Everything You Need to Know About Influenza B

Photo credit: Bigstockphoto
Photo credit: Bigstockphoto

Influenza B is a flu virus that affects the respiratory system. The virus causes breathing problems due to respiratory infection, stomach issues, and high fever. The Influenza virus is typically airborne and is transmitted through inhalation via the nose or mouth. Although treatable, influenza can be fatal to infants and the elderly. When Influenza B is not treated immediately, it can lead to bacterial pneumonia.

Unlike Influenza A, Influenza B is slightly less common. Influenza B is also not defined with flu subgroups but rather, by certain flu strains.

Causes of Influenza B

The most common cause of Influenza B is exposure to the virus via droplets of moisture. The infected moisture is released through talking, coughing, or sneezing. The transmission will vary but essentially, the virus will enter the body through the eyes, mouth, and nose.

Unfortunately, Influenza B is extremely contagious. Also, the virus is able to create new strains constantly so the body is not able to develop antibodies to ward off new types of flu strains.

Signs and Symptoms of Influenza B

The most common signs and symptoms of Influenza B are fever, chills, runny nose and sore throat. Other symptoms include difficulty in breathing, upset stomach, nausea, loss of appetite and vomiting. In severe cases, Influenza B will develop into bacterial pneumonia or bronchitis.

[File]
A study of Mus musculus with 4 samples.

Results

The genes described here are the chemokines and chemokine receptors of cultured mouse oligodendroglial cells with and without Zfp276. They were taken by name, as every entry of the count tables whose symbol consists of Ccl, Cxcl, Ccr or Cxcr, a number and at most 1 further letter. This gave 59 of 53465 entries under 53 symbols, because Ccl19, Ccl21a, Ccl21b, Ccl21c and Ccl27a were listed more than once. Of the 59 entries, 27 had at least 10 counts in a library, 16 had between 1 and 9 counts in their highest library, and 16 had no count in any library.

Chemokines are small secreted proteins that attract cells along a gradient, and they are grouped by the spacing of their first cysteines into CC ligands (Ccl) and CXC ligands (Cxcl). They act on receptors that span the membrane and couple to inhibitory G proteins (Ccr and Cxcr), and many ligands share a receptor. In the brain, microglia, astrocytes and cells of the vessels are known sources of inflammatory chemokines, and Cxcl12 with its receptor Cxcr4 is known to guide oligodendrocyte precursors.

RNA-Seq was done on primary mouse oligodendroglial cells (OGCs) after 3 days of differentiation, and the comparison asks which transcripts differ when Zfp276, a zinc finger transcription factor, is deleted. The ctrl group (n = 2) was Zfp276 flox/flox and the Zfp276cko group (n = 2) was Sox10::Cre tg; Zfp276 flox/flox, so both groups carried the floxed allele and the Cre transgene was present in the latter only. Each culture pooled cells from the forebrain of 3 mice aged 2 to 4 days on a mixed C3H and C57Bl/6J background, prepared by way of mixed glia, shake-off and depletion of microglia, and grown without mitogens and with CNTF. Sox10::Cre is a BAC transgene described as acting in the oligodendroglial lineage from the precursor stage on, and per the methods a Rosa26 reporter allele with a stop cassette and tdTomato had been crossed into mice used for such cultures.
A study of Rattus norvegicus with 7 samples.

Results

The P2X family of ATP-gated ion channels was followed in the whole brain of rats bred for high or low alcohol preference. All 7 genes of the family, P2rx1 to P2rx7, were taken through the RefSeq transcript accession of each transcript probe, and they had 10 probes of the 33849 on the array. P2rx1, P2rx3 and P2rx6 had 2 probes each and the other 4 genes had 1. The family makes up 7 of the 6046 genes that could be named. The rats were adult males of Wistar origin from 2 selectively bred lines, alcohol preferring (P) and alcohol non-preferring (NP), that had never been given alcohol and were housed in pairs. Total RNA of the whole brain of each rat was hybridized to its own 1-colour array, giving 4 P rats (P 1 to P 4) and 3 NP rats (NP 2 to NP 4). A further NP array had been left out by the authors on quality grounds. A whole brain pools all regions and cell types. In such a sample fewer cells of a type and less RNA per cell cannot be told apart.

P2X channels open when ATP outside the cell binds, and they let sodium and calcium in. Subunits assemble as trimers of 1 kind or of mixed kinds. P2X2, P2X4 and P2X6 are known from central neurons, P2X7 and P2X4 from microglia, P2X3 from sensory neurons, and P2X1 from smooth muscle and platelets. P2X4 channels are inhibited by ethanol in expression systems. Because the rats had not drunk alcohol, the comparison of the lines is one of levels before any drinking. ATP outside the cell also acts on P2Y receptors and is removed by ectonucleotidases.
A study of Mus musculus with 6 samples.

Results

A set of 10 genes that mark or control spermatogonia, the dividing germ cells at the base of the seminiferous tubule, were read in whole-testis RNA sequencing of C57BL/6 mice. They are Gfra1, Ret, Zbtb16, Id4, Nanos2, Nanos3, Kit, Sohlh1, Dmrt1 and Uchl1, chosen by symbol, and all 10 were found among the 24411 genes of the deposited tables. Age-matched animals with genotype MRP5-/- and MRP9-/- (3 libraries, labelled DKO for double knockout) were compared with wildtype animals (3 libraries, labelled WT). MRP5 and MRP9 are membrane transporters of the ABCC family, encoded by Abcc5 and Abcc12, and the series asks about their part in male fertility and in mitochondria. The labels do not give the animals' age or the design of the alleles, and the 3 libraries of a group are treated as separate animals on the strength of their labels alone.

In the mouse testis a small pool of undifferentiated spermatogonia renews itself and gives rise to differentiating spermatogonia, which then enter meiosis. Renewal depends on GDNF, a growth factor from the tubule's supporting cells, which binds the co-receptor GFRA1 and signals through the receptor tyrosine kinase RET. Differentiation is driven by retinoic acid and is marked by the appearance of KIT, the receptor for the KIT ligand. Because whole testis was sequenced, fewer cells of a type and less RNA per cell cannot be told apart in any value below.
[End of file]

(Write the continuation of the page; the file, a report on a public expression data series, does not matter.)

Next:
Bacterial pneumonia is a condition wherein the Influenza virus causes severe damage to the lungs. The virus also causes inflammation in the airways, swelling of the lungs’ air sacs and eventually fluid retention in the lungs.

Influenza B may also progress to severe conditions if not treated right away. It can cause a rare brain condition called encephalitis. Symptoms of encephalitis include headaches, fever, confusion, seizure and coma. Influenza B may also cause myositis or severe inflammation of the legs. The virus can also cause Reye’s syndrome. This is a type of neurological disease that affects teens and children.

Treating Influenza B

Anti-Viral Drugs

The most common treatment for Influenza B is anti-viral medication. Your doctor could prescribe zanamivir or oseltamivir to reduce the duration of the illness. These drugs could also minimize the risk of complications.

Pain Killers

Over the counter painkillers, such as ibuprofen or acetaminophen, help reduce body aches associated with the flu. However, children suffering from flu should not be given Aspirin. Studies show that aspirin increases the risk of developing Reye’s syndrome in children.

Home Remedies


You want to drink plenty of fluids if you are suffering from Influenza B. Being infected by the flu will increase your risk of dehydration. We recommend drinking water, warm soup as well as fruit juices high in vitamin C.

Bed Rest

You need enough rest so the immune system is strong enough to fight off the infection. You want to sleep at least 8 hours at night and bed rest during the day. Do not engage in strenuous activities when afflicted with the flu. Vigorous physical activities could weaken the body and will affect the immune system.

Preventing the Influenza B Virus

Get Annual Flu Shots

Prevention is always better than the cure. You want to get a flu shot each year to make the body resistant to the virus. These vaccines are typically administered via injection or nasal spray.

Do not Spread the Virus

If you are sick with the flu, contain the illness so you do not spread the virus to other people. Always wash your hands and apply alcohol-based sanitizers to kill the offending microbes. When you sneeze, cover your mouth with a tissue. Do not go to crowded areas and stay at home to limit contact with other people.